This is my fifth year living in Amsterdam, which means I’ve virtually spent my entire adult life in this city. Admittedly, that might not be a very impressive statement, considering I’m currently 24. Still, I’ve recently started to wonder: am I a local now? Do I feel like Amsterdam is my city, my new hometown? The answer is: not really. But then again, nobody really knows the requirements of becoming a local in the Dutch capital. It’s not like we have to pass an exam.
I’ve had a long, hard think about what it means to be an ‘Amsterdammer.’ My friends and I have had many conversations, finally concluding that born and bred Amsterdammers have become a rare breed. As cities become increasingly ‘international’ through expats and students, places like Amsterdam are mostly filled with people that grew up somewhere else. A serious discussion about the definition of the typical Amsterdammer would be a bit pointless. That’s why, today, I want to share a super scientific list of (technically useless) signs that will help you vaguely measure your level of Amsterdamification. Take the test and find out!
The Test: 20 Signs of Amsterdamification
1. You’ve become a pro at appropriately gambling with your life while crossing a bike path (timing is everything).
2. You buy your damn cheese at Albert Heijn or Lidl, not any so-called “specialty” shop.
3. You check the weather forecast (preferably “Buienradar”) at least once a day and bitch about the Dutch climate at least once a week.
4. You avoid the central area like the plague, especially the canal belt.
5. You sigh at the smell of yet another waft of weed coming from a tourist’s respiratory tract.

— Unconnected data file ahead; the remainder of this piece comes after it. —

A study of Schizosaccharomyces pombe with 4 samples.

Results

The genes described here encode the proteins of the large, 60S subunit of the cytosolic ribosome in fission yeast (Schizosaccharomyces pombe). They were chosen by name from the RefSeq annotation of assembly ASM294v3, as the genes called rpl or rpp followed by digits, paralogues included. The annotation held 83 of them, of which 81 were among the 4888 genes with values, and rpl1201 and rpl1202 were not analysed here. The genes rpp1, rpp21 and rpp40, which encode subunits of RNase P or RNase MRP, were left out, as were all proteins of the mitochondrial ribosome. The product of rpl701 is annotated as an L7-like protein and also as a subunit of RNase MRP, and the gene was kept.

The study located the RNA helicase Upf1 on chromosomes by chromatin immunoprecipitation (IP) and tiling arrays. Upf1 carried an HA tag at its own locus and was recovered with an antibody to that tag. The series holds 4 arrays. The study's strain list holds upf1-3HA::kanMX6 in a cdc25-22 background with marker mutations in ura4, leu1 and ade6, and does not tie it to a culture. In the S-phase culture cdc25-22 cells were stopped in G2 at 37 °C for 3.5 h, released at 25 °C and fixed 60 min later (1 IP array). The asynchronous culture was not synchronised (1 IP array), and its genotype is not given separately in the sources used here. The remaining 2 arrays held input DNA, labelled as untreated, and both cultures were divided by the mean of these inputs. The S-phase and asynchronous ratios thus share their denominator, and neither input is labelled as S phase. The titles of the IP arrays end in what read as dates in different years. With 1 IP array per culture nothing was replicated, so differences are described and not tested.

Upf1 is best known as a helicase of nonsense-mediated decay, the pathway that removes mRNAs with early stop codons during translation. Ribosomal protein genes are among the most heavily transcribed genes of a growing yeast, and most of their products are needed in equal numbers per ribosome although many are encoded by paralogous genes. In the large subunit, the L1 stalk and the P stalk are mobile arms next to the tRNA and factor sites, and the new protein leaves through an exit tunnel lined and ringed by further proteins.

6. You sigh at the smell of yet another random churros shop with humongous nutella jars (because churros are the most typically Dutch snack you will ever encounter).
7. You have learned to completely ignore zebra crossings and brutishly disregard adorable old ladies trying to cross the street, because all of the other cyclists will otherwise yell at you for stopping.
8. You are aware of the definitions of “dankjewel”, “(ok) doei”, and “lekker” and know when to actually use them.
9. At least two of your favourite cafes or restaurants have fallen victim to the TripAdvisor curse: every table is taken and nobody in there knows a word of Dutch (except for the staff, maybe).
10. Your bike has been stolen at least once, even though you put two locks on it.
11. You never have any cash in your wallet, because why would you? Virtual money is the future.
12. Business men cycling in fancy suits have become a completely normal sight to you.
13. You’ve had pancakes or poffertjes for dinner at least twice (and made them yourself). Crêpes or American pancakes don’t count.
14. You’ve called another irresponsible cyclist or pedestrian an ‘eikel’ or ‘(kloot)zak’ while cycling in central Amsterdam.
15. You have “forgotten” to tip your waiter at least 5 times.
16. You know the difference between Oud-West and West. Oh boy do you know the difference.
17. You’ve been invited to a Dutch birthday party at least once your life and are familiar with the cheese cubes, slices of liver sausage, apple pie, and an awkward circle of chairs.
18. You know who Ajax is, including their aggressive cult following.
19. You have never participated in a beer bike tour.
20. You have eaten chocolate sprinkles on a piece of bread, called it a meal, and didn’t feel any shame.
You got up to 5 out of 20 signs
Sorry to disappoint you, but you’re secretly still a tourist on the inside. Do you even own an AH bonus card? Stop kidding yourself and buy a bike.
You got up to 10 out of 20 signs
You’re well on your way to becoming a junior Amsterdammer, but you’re still a right old noob when it comes to the lingo. Make some effort, crawl out of the international bubble, and make sure Lotte and Stijn invite you to their cringy Dutch birthday parties.
You got up to 15 out of 20 signs
Congratulations, you can almost call yourself a local! Remember, you’ve still got some work to do. Drop your tipping below 15%, flip that klootzak the bird, and stop saying ciao for goodness’ sake.
You got up to 20 out of 20 signs
Hi! My name is Roselinde and I am the founder of Globonaut. I am a cultural analyst, digital storyteller and photographer with a passion to explore the world through thoughtful travel. My dream is to make Globonaut a meaningful corner on the internet for everyone who wants to share their thoughts about living on planet Earth.